Solomon Thomas should interest Philadelphia Eagles

Jul 15, 2016; Hollywood, CA, USA; Stanford Cardinal defensive end Solomon Thomas poses during Pac-12 media day at Hollywood & Highland. Mandatory Credit: Kirby Lee-USA TODAY Sports
Jul 15, 2016; Hollywood, CA, USA; Stanford Cardinal defensive end Solomon Thomas poses during Pac-12 media day at Hollywood & Highland. Mandatory Credit: Kirby Lee-USA TODAY Sports /

Although cornerback is easily the Philadelphia Eagles’ biggest need, defensive lineman Solomon Thomas should interest the team in the draft.

The Philadelphia Eagles have many needs to address this offseason. The defensive line isn’t the biggest issue, but it still needs to be addressed. After the release of Connor Barwin, the Eagles have a noticeable hole at defensive end. Not to forget, Bennie Logan is now a member of the Kansas City Chiefs.

There is no debate. Defensive line is not their biggest need. Could it become a need? Yes, but there’s no way it will become dire as their need for a corner. In free agency, the Eagles attacked their biggest need at wide receiver. The signing of Alshon Jeffery and Torrey Smith, did just the trick.

Then there’s the cornerback position. Although the Eagles have struck out on big names before, it’s still a position that has many quality free agents. Even after nearly a week, borderline starting cornerbacks are still roaming the market. Also, the draft would be a great place to address this need, as CBS Sports has ranked fourteen corners with a first or second round grade, meaning the Eagles could still grab a quality corner in the draft, even if it happens to be in a later round.

Finally, the biggest need, just slightly ahead of a defensive linemen, is running back. However, history of the NFL Draft has shown us quality running backs can be found in later rounds of the draft. Take David Johnson for example, who was selected in the third round. Thomas Rawls, was undrafted. And yes, even Eagles legend DeMarco Murray was selected in the third round. The point is, the Eagles can find a quality running back on Day 2 or 3 of the draft.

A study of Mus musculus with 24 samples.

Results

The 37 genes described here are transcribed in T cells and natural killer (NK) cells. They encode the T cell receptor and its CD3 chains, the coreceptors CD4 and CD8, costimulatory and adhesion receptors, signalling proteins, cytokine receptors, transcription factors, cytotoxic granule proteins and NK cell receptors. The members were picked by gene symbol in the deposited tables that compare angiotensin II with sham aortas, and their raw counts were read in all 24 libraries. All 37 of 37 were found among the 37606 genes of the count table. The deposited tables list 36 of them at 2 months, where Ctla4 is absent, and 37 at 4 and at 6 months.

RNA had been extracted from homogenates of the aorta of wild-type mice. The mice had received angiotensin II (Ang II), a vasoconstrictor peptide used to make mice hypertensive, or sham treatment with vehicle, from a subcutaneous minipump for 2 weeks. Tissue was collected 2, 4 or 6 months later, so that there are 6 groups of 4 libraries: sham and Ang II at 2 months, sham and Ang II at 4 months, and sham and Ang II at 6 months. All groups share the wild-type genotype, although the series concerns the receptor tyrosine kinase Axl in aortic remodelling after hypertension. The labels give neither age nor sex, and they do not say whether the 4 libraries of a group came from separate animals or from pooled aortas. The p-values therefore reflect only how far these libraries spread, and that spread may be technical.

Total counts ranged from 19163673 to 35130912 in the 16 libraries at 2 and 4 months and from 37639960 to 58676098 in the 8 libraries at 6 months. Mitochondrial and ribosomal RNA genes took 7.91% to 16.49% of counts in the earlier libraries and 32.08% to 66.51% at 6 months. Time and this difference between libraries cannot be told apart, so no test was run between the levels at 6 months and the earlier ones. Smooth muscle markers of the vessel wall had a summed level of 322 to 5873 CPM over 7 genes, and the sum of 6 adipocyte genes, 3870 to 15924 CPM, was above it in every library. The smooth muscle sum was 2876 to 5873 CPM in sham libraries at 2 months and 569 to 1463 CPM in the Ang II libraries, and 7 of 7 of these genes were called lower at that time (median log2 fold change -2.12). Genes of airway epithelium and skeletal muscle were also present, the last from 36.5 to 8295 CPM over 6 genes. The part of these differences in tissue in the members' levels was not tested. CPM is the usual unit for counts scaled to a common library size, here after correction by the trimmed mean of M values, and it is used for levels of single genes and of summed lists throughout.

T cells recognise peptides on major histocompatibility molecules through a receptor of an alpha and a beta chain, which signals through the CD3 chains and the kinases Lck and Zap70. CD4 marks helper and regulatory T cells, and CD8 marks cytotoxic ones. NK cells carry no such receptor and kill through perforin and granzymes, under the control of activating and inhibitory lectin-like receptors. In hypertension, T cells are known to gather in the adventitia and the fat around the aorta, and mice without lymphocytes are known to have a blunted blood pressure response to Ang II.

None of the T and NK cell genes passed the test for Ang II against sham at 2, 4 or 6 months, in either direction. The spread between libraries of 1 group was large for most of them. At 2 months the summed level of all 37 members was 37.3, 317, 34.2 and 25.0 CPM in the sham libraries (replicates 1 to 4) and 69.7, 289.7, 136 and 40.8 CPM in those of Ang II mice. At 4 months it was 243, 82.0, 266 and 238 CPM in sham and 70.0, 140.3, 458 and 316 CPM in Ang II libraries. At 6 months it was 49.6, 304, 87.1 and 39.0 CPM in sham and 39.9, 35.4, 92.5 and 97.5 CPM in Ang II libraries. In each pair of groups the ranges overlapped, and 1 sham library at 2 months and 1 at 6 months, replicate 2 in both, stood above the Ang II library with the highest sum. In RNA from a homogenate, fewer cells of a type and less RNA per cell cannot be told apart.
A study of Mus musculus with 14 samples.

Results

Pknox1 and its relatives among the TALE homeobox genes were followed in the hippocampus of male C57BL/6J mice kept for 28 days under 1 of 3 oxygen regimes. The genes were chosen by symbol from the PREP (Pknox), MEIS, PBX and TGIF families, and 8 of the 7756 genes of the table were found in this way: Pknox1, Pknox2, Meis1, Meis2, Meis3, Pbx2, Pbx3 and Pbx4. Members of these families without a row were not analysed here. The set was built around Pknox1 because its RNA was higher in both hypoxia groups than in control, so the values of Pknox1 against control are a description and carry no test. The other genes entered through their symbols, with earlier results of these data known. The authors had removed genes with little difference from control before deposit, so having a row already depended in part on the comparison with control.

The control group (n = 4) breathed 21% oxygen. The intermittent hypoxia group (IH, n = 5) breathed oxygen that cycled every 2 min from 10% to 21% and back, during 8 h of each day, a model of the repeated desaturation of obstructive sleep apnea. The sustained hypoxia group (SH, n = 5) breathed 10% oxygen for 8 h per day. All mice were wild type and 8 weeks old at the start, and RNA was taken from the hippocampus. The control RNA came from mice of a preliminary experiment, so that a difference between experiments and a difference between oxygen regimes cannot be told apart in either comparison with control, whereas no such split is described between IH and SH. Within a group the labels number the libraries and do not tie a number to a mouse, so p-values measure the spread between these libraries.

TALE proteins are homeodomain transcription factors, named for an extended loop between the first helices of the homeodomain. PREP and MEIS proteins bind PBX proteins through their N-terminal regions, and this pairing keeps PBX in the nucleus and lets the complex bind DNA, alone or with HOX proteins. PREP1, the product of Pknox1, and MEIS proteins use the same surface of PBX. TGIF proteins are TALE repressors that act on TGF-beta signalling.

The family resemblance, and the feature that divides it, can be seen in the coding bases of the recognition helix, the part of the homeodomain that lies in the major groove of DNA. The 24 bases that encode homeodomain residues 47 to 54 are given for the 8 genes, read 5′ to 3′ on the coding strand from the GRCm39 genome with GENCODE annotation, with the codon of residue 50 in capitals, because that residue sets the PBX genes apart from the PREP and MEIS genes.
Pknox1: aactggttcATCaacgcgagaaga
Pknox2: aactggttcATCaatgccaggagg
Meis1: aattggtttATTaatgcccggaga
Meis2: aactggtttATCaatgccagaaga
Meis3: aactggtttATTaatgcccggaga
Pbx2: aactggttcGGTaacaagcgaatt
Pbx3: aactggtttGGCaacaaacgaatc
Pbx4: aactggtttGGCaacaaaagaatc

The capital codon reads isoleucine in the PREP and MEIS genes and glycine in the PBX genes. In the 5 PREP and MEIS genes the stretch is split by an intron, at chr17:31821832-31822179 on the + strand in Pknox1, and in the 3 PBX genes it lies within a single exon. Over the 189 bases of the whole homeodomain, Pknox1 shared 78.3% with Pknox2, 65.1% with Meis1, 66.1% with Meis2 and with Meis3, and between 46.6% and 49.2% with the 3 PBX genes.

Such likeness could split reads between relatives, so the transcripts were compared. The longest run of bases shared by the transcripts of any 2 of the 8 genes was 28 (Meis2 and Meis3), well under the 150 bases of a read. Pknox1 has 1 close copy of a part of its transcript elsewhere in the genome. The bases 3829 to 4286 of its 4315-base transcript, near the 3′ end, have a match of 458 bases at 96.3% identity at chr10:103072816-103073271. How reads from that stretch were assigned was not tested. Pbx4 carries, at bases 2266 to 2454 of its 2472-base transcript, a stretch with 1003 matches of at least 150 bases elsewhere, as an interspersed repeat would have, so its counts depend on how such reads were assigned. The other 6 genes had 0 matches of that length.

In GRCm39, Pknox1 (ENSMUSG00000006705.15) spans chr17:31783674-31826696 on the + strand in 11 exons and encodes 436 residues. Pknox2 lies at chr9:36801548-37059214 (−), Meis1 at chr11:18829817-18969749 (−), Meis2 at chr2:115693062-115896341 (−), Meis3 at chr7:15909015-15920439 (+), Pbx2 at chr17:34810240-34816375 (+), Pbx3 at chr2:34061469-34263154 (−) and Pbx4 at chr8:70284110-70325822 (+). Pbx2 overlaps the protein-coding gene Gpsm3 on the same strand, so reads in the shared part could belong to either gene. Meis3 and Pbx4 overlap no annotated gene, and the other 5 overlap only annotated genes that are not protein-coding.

Aside from those three positions, defensive line is the biggest need.

With that said, the Eagles should have quite a bit of interest in Stanford defensive lineman Solomon Thomas. Standing at 6’3″ and weighing in at 275 pounds, Thomas appears to be too small to play defensive tackle, but not quite long enough, or quick enough to play on the edge. This may cause him to slip quite a bit on the draft, possibly to the Eagles at pick 14.

Now, the question may be, if he has issues with his size, why in the world would the Eagles select him? Although he does in fact have issues when it comes to size, Thomas appears to have no issues elsewhere. Everything in his game seems to be at an above average level.

One part of his game that is easily the best is his hands. Using them at the line with power and finesse, Thomas gets by blocks quickly and has a knack for getting to the quarterback.

Where he truly exceeds is his massive array of pass rush moves. His hands and feet work in unison, as he can surprise an opposing lineman at any moment. Spin move, a sharp cut, or just pure power, Solomon reeks havoc on opposing offenses.

Thomas is very similar to Aaron Donald. Considered to small, but had no real knocks on his skill set. Now Donald is arguably the best defender in the entire NFL, and many even talk about how he uses his size to his advantage. Size, though a factor, does not have to be the deciding factor, especially for someone like Thomas, who’s drawn comparisons to J.J. Watt, by Lance Zierlein.

Thomas’ size could cause him slip in the draft, and if he falls to the Eagles, it would almost be a no-brainer of a pick. Even trading up to snag him wouldn’t be the worst idea in the world. Someone with that skill set provides an insane amount of value to a football team. Thomas could pair up with whoever is left after the off-season, and create an absolute force. Thomas could put the Eagles’ defense over the top, and could be worth a pick, assuming all other needs are addressed.